Highest faculty honor to advocate for the winged mammals


Thomas Kunz, a tireless crusader on behalf of bats all over the world, is the University’s newest William Fairfield Warren Distinguished Professor, BU’s highest faculty honor.

President Robert A. Brown appointed the College of Arts & Sciences biology professor, who is observing his 40th anniversary at BU this year, as the sixth Warren professor. “Tom Kunz is an exemplary researcher, scholar, teacher, and faculty leader,” says Brown. “The Warren Professorship is a wonderful recognition of his career at Boston University and the national and international recognition of his research.”

Kunz, director of BU’s Center for Ecology and Conservation Biology (CECB), says he is “humbled and honored” by the distinguished professorship. The honor implicitly recognizes his students and colleagues, he says, because they “are where I draw my enthusiasm and inspiration.”

“Bat Man,” as he’s been called for his expertise after 45 years of research into the winged mammals, has studied bats in Costa Rica, Ecuador, Trinidad, India, and Malaysia, as well as throughout the United States. Kunz’s research made news last year when a team he assembled predicted the possible eradication within 16 years of the little brown bat—a once common and still ecologically essential creature—by a lethal and little-understood disease, white-nose syndrome.

Kunz says he’s proud of the Bat Man moniker, because “it gives me the opportunity to tout the value of these misunderstood and often unappreciated animals.” He routinely extols the benefits of bats, such as their appetite for pestilent insects, including West Nile virus–bearing mosquitoes, and their role in the pollination of flowers and the dispersal of seeds essential to ecosystems.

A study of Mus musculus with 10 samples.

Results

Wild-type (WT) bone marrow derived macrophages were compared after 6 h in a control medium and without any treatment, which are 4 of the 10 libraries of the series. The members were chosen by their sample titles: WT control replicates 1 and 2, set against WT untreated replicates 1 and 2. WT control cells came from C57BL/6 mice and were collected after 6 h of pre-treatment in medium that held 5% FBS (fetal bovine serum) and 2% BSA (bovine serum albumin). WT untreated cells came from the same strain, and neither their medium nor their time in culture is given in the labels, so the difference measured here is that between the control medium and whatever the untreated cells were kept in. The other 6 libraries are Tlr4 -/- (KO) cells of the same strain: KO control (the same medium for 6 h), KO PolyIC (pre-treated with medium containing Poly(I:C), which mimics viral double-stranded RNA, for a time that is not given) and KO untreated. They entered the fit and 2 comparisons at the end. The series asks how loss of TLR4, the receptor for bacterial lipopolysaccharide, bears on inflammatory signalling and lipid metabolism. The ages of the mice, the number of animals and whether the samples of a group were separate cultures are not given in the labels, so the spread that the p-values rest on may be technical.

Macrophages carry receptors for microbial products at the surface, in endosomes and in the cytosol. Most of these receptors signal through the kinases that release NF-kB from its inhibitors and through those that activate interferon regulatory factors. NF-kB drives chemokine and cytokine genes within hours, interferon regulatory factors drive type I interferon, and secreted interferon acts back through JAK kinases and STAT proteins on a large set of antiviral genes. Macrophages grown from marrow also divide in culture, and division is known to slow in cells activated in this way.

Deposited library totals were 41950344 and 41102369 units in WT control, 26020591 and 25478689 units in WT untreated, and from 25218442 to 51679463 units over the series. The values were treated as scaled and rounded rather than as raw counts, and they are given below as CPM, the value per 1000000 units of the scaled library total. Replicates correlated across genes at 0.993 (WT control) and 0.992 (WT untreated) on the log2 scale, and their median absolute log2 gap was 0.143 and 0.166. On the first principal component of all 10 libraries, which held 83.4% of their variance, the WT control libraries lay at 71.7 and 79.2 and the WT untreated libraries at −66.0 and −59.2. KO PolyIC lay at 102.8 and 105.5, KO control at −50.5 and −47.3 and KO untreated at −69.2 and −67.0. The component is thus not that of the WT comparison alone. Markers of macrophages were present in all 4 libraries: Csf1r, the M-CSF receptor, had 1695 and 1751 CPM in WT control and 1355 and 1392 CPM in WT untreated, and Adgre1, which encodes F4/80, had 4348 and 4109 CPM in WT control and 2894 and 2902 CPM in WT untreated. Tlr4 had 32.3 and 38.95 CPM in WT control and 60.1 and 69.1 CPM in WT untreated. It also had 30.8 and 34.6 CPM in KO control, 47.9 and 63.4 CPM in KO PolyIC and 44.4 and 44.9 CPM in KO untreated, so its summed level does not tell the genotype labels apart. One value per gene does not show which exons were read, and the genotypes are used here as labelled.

He also invented aeroecology, the study of the web of airborne influences and creatures, from bats and birds to microbes. Two weeks ago, Kunz and colleagues briefed a group of international science writers on the topic at the American Association for the Advancement of Science annual conference, where he headlined a symposium on aeroecology. Kunz is a fellow of the association.

Among his proudest accomplishments, he says, are founding a tropical ecology program in Ecuador and cofounding a biodiversity station there, both as director of the CECB.

Kunz graduated from the University of Central Missouri, Drake University, and the University of Kansas. Author, coauthor, editor, and coeditor of more than 240 publications, he is a former president and an honorary member of the American Society of Mammalogists and the 2008 winner of the lifetime achievement award from the aquifer-researching Karst Waters Institute.

The William Fairfield Warren Distinguished Professorship is named for BU’s first president, who governed from 1873 to 1903. The other chair holders are George Annas, of the School of Public Health; James Collins, of the College of Engineering; and from CAS, James Winn (English), Nancy J. Kopell (mathematics and statistics), and Laurence Kotlikoff (economics).

Rich Barlow can be reached at barlowr@bu.edu.